Sadly, last week, we left Urban Grid’s public information session for Dogwood Solar, the 350 acre, 20-megawatt utility solar project on Dam Acres Road near Stanley with many questions unanswered. And, as we feared, Page County’s approval in 2019 of the project’s special use permit, despite the Alliance’s and partners’ calls to pause consideration of any utility-scale projects until the County’s ordinance was in place, leaves Urban Grid largely unaccountable for protections for Page’s land and water.
BUT, there is action still to be taken. Page County and Urban Grid have yet to draft erosion and sediment control plans for the construction of the project. It is crucial that this process is robust and the resulting permit highly detailed so that the project has the least harmful impact possible on Page’s water quality.
The Alliance has pulled on our experience following projects in other counties to craft a set of recommendations to be included or addressed in the plan that we’ve sent to County staff and decision makers. Statewide, utility solar construction projects are presenting many erosion and sediment control issues that can be addressed with proper measures in place. We want to make sure the County acts on its authority to require things like:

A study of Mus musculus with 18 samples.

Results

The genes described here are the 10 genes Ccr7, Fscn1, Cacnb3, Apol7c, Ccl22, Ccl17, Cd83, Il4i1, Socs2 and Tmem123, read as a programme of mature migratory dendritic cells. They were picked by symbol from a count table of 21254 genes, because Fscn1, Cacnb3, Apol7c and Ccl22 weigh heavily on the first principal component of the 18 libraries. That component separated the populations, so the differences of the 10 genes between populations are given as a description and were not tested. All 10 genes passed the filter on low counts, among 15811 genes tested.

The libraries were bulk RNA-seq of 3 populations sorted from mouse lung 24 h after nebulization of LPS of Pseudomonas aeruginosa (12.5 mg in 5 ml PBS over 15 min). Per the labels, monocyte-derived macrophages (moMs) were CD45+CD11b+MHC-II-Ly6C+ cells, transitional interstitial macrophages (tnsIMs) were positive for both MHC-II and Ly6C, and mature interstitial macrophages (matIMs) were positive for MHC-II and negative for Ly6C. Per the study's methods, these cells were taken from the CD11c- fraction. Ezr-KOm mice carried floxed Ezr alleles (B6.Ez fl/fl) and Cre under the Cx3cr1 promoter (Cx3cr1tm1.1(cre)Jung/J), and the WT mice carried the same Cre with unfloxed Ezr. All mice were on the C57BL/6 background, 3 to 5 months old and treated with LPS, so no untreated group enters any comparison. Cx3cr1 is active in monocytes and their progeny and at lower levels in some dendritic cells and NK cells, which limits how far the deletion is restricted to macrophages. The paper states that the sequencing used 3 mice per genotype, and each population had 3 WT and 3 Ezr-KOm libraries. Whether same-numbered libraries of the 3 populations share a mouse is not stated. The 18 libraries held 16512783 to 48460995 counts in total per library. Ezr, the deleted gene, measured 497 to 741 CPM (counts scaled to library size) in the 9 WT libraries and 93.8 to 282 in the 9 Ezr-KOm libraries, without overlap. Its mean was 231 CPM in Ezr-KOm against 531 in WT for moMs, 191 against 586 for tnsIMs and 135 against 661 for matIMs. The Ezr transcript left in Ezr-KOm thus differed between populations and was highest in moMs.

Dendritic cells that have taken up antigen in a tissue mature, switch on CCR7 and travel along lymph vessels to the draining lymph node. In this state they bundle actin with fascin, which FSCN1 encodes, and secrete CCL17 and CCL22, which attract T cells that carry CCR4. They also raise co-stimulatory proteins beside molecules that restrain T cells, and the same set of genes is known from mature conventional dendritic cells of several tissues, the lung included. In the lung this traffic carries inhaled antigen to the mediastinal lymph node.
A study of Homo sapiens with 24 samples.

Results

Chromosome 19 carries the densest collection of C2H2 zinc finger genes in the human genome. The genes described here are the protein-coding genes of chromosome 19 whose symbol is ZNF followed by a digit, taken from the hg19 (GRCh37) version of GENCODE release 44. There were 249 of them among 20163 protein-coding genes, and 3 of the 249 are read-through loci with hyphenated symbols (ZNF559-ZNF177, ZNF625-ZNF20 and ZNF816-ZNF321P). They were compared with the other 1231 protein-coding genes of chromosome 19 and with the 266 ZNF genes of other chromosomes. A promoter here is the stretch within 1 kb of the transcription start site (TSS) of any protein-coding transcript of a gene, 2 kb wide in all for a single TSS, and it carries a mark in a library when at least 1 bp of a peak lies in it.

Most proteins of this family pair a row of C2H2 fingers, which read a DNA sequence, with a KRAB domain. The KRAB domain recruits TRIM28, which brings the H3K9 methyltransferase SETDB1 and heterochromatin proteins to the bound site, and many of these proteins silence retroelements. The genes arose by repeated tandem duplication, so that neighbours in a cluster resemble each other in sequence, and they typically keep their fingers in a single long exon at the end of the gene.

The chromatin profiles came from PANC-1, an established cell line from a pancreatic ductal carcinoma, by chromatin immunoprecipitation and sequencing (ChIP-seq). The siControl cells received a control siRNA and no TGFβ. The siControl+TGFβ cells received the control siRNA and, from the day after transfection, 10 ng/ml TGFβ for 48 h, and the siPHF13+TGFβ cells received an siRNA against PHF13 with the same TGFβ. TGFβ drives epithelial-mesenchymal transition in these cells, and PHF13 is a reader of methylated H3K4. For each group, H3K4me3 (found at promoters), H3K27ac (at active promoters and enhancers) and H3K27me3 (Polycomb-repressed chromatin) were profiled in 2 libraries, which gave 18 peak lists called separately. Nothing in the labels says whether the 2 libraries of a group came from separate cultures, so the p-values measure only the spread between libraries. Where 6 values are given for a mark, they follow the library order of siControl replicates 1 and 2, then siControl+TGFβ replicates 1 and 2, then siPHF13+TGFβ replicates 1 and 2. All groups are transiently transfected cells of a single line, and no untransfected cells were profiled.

- detailed construction plans that show grading and any intent to remove topsoil
- phased construction to disturb only small amounts of land at a time
- silt fencing around any active construction to reduce runoff
- That Page County hold Urban Grid accountable to a strong and detailed erosion and sediment control plan for construction. You can see our recommendations here.
- Page County MUST have a solar ordinance that requires that details such as erosion and sediment control are addressed BEFORE any more special use permits for utility solar construction are considered. We’ve stood behind the ‘good’ ordinance, originally supported by the planning commission and the community, and still believe this ordinance contains the protections needed to make sure that Page County doesn’t repeat the mistakes made with Dogwood Solar project.
As Page County transitions to renewable energy, we must do so in a way that protects our working landscapes, prime soils and clean water.